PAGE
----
Bearing Towers: Fully operational

Bearing Towers: Fully operational

Jul 20, 2022

Nathan Fournier

Through the past few weeks of working on this bearing comparison tower, I’ve faced many technical difficulties through prototyping, designing, and other issues. Many of these issues not only helped me find a better way to complete this project but also gave me a better understanding of how to effectively prototype in engineering which will assist me in the future.


With all new towers printed to accommodate the larger Greartisan 100RPM motors, I was able to take the project out of the warehouse to display in the front office here at Boca Bearings. Attached below are the first iterations of the tower design that would eventually become the finalized version that is now used for display. When I started this project, I had originally intended to use the left-most green tower and use 1-to-1 gear ratios with small plastic DC gearbox motors. Over time, I realized that the base of the tower simply was not large enough to compensate for the large gears above, leading to the second tower design in the middle of the photo. Through this design, it was far more stable than the previous but would still shake vigorously as the new gears were tiered up to make the top wheel spin as fast as possible. To fix this, I added sloped sides to the main part of the tower to distribute the forces down to the base which drastically improved the stability. Once this iteration was complete, the only change that I needed to make was the piece in the back of the tower that the new motors screw into.


Through this testing and redesigning process I was able to get to the final base design that is on display now. With these new motors, they gave the exact results I had hoped for; more torque and consistency. By using these 100RPM gearbox motors, each tower can now effectively demonstrate the difference in bearings with low variability coming from the other parts.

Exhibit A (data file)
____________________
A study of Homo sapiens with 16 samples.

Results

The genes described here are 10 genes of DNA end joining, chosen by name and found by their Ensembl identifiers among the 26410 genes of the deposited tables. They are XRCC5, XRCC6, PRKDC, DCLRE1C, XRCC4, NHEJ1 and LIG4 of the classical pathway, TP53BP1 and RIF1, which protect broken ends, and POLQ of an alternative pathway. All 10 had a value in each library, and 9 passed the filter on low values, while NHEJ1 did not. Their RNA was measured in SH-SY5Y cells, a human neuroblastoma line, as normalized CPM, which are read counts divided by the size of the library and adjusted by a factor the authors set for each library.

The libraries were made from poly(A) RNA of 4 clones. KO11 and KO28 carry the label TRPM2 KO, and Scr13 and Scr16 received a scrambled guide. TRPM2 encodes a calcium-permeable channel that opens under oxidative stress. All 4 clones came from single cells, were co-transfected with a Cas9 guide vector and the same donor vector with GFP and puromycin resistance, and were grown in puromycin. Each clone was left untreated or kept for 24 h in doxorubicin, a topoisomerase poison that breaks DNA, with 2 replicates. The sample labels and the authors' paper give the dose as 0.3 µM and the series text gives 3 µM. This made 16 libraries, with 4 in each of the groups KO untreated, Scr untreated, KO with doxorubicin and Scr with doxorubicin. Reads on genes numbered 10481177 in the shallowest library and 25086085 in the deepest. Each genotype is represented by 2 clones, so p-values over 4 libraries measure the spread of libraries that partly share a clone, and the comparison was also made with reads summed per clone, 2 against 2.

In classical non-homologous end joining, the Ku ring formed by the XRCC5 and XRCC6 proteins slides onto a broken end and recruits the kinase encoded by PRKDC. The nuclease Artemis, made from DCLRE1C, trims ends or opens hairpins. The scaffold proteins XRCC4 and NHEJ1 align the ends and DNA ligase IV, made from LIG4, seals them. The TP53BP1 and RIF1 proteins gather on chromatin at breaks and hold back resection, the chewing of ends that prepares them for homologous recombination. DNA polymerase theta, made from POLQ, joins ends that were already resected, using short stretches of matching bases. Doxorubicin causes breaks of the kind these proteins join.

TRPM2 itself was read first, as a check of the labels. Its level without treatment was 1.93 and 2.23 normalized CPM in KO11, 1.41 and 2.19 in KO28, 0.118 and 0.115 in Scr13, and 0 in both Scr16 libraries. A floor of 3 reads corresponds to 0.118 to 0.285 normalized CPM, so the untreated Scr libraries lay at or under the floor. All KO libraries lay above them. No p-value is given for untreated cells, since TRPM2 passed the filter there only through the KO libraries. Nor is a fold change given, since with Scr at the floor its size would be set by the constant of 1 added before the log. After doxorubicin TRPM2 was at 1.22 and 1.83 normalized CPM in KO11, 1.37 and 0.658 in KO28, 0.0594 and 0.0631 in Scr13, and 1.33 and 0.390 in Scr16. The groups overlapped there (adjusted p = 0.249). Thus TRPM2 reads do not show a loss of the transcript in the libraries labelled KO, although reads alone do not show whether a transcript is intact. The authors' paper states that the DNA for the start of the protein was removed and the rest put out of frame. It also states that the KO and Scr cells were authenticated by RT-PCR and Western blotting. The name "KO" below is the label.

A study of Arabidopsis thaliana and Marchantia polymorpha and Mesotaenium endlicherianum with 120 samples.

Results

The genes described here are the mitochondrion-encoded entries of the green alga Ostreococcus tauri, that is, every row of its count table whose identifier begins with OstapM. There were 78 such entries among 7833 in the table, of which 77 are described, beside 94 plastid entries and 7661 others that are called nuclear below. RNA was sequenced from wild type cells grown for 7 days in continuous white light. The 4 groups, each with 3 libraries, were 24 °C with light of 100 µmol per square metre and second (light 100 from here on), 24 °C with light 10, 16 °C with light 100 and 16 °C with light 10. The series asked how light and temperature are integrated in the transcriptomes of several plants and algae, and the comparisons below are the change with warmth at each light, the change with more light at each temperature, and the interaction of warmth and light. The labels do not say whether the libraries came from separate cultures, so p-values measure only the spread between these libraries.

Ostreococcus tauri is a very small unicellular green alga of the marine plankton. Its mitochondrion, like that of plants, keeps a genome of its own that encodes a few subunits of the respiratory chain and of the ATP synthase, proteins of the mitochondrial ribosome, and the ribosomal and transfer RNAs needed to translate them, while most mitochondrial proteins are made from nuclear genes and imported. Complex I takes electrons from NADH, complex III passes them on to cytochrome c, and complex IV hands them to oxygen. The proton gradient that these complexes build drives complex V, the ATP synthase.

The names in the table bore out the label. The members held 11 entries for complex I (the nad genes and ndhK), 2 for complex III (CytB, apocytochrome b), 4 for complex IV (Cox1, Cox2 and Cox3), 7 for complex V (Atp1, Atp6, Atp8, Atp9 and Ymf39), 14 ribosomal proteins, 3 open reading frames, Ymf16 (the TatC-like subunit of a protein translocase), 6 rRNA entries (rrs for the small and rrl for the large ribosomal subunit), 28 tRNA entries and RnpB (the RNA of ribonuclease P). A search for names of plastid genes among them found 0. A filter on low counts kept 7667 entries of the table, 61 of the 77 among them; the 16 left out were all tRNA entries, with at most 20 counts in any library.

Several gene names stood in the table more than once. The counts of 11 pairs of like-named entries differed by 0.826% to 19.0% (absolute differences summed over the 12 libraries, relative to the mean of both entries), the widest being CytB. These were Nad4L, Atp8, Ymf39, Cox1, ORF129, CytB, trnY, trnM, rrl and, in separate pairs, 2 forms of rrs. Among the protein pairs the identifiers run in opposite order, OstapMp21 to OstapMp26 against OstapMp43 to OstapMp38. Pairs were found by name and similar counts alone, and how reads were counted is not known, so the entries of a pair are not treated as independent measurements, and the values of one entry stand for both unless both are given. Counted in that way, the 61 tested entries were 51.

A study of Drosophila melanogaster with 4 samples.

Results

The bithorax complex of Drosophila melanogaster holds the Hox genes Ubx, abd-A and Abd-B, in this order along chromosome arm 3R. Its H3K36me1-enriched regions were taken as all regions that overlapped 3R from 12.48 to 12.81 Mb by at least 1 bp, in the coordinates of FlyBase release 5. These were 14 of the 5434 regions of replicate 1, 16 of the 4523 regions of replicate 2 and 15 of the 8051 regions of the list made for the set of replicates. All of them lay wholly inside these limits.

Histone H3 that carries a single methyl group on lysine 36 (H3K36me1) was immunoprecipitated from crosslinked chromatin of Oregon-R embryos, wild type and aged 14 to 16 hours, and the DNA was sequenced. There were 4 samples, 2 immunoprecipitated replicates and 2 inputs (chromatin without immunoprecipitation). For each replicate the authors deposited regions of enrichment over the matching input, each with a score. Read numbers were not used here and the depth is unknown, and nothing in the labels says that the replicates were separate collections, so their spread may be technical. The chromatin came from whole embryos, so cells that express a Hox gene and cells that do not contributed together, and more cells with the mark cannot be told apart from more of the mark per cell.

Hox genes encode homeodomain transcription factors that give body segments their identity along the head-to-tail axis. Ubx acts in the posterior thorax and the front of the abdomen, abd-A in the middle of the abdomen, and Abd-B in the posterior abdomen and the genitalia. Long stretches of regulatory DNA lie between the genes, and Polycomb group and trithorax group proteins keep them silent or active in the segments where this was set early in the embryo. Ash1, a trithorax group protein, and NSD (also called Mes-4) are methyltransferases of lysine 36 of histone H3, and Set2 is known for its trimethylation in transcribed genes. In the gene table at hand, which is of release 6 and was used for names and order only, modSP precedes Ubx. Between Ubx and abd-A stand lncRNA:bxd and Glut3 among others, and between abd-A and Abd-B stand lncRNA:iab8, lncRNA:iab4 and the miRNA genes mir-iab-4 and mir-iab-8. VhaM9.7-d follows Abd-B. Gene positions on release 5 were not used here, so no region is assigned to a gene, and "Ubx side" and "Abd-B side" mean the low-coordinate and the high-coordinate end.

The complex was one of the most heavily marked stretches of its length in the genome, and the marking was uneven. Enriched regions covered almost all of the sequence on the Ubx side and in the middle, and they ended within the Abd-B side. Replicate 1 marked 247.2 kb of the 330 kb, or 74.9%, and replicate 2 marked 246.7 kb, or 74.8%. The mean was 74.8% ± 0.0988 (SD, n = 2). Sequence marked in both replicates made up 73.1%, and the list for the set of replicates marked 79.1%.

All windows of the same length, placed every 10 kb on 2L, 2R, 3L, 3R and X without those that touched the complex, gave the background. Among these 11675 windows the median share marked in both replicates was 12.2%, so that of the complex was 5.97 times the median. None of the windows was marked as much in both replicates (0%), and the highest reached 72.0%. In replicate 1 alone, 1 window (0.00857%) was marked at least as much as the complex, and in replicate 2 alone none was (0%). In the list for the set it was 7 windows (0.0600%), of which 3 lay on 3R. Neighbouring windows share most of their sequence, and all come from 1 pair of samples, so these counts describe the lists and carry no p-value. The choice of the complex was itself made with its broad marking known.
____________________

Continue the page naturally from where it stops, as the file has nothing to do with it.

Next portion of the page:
As I’m currently taking a physics course over the summer, I had to ensure that the moments of inertia would cancel out by having two towers rotate one way and the other two rotate in the opposite direction. With all four towers together, the bases no longer vibrate and move drastically over the surface as they did when the towers were separate. 


Over the next coming week or two, I may replace some gears so there is a more secure fit within the bearings to prevent them from sliding out after extended use. When I attached the towers, I used small pegs that aligned with holes at the bases of each tower, not only for display purposes but to also improve the stability of the display as a whole. I decided that I would use super glue to attach the towers in pairs but separate them in the middle with pegs used to align the towers. This came to mind as I hope this piece can be displayed for years to come and be easily transportable as the display is quite a long piece when connected.


Now after various prototypes, tests, failed prints, and trouble with electronics, I am extremely happy with how this project came out. Being able to realize this idea through 3D computer design to then printing them layer by layer with 3D printing will always be extremely mindblowing to me as to how much technology has evolved. If you want to see this display in person and press the big yellow button, it is currently in the Boca Bearings’ pickup window and will be on display at Maker Fair in Orlando this November.